The self is not the face or the body but is an abstraction of the mind. The intangibility of the self means that one is never truly able to create a self-portrait. The self is an unknown; a constantly evolving abstract based on a collection of shared experiences and flawed memories.
Self [other] is a series that seeks to challenge the photograph as a still image whilst considering David Hume’s notion that “man is a bundle or collection of different perceptions which succeed one another with an inconceivable rapidity and are in perpetual flux and motion”. We never actually can have an idea of the self because we can’t have any idea of something persisting uninterrupted and unchanging through time at all. The flawed mind does not help in fixing the stillness of a photographic moment in order to represent the self.
This visual representation of Hume’s theories is able to co-exist with those of other philosophers such as Daniel Dennett. The strong sense of narrative within the photograph facilitates Dennett’s idea that “people often tell themselves stories to make sense of their world, and they feature in the stories as a character, and that convenient but fictional character is the self”. The corresponding impression of this narrative is that of the self-portrait.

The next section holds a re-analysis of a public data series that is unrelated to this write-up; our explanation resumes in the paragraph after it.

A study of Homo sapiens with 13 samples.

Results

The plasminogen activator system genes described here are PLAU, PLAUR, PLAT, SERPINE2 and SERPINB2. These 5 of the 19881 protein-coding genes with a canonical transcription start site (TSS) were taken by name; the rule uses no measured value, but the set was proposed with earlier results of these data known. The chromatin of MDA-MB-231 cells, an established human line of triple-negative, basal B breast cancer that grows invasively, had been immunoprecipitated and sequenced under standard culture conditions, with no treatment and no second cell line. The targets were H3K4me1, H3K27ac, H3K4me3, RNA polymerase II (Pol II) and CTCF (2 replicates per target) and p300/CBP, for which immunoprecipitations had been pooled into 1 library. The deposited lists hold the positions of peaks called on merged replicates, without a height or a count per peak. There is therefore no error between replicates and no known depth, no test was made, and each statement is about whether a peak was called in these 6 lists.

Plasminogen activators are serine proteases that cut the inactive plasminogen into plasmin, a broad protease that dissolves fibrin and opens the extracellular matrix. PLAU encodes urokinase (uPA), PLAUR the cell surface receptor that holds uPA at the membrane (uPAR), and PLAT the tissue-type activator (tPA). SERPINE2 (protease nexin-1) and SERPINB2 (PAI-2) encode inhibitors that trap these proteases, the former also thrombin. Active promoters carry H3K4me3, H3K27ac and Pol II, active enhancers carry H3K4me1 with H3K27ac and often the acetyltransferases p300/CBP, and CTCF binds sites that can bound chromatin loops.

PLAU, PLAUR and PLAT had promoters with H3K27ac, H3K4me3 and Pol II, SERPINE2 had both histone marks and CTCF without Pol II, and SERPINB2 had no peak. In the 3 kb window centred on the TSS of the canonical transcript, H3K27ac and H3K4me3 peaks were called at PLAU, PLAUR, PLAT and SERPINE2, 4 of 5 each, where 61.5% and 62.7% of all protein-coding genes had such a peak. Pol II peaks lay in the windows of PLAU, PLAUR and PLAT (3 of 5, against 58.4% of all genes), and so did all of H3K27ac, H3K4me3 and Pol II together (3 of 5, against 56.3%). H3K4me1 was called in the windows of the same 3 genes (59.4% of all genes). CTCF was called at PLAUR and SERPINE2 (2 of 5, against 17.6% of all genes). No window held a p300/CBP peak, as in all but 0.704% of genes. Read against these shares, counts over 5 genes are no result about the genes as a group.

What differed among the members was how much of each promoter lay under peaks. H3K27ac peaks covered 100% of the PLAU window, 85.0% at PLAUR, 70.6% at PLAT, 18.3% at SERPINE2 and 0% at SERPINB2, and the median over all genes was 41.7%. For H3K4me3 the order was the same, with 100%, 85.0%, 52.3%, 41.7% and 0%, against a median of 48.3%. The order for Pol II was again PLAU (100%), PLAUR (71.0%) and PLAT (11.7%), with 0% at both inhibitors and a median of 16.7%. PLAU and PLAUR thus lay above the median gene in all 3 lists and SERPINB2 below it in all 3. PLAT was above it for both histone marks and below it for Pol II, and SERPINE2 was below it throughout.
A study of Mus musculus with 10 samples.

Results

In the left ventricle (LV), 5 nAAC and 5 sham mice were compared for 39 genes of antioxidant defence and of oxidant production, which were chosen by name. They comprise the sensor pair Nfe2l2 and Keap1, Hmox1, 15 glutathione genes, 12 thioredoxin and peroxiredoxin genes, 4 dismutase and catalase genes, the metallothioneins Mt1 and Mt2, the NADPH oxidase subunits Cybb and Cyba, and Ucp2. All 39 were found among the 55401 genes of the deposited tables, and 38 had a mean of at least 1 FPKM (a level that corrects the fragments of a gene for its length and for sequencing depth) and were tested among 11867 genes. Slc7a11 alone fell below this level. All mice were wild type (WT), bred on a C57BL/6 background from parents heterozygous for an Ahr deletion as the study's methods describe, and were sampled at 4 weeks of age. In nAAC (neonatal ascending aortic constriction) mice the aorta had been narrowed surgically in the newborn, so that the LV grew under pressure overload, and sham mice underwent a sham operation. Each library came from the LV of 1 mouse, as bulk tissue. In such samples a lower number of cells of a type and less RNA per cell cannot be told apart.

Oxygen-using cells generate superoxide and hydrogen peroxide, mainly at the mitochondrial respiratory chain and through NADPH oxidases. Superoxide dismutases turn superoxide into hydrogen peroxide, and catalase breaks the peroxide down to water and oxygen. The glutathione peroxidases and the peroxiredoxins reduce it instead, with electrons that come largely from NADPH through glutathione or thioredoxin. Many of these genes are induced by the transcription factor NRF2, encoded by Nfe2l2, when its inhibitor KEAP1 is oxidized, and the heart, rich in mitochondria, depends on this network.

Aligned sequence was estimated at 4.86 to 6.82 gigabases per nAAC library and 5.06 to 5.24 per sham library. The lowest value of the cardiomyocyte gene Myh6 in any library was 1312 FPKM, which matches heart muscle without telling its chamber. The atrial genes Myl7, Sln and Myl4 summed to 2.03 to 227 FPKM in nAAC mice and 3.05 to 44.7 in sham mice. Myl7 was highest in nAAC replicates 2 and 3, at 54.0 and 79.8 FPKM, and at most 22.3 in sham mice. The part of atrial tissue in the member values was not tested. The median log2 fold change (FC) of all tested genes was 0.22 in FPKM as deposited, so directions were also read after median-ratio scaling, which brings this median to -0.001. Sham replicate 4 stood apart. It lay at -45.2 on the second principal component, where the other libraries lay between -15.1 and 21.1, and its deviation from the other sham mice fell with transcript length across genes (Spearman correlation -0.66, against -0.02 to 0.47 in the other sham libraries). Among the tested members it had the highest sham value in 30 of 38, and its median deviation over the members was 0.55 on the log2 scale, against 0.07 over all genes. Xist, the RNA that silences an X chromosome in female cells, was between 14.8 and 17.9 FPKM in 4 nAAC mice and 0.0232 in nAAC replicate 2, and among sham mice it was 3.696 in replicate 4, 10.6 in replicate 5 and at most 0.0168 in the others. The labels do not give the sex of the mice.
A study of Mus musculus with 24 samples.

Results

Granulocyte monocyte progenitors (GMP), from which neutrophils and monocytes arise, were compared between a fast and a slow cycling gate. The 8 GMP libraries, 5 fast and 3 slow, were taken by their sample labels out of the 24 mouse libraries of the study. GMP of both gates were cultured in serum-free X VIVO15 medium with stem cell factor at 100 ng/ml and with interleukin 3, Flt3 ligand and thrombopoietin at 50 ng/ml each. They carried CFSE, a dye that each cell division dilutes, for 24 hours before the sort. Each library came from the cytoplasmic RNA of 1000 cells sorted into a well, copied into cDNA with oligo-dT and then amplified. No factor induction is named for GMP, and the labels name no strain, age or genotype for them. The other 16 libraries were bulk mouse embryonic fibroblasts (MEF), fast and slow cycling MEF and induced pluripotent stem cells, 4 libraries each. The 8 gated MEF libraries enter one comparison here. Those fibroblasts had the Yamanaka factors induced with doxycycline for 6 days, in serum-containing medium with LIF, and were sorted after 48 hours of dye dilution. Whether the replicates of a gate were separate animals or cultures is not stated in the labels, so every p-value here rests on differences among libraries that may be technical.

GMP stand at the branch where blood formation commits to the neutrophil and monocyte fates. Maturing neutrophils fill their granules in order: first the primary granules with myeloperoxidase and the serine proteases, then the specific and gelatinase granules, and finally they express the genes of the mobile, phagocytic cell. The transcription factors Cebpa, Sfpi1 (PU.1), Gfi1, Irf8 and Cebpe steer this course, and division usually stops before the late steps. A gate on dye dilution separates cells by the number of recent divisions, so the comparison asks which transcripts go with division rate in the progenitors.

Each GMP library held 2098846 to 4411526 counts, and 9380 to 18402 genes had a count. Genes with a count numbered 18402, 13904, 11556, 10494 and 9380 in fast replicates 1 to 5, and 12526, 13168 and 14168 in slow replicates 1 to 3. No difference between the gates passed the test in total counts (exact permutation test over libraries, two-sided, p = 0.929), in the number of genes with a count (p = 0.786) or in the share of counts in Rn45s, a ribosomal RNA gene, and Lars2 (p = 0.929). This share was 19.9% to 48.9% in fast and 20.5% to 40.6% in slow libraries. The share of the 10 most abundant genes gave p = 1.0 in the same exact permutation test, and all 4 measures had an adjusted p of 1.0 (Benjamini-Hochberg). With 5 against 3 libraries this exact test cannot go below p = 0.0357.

The artist deconstructs her own pinhole photographs and recreates them as simple paper collages. This reconstruction of previously unpublished and personal images gives a true depth (both physically and psychologically) to each photograph. The choices made in the construction of the resulting imagery embed a true Self of the artist within each photograph; including flawed memories and repeated details. By choosing to work in this way the photograph is no longer “a defence against the passage of time” as Bazin described, but is an all encompassing embrace of a series of moments and recollections.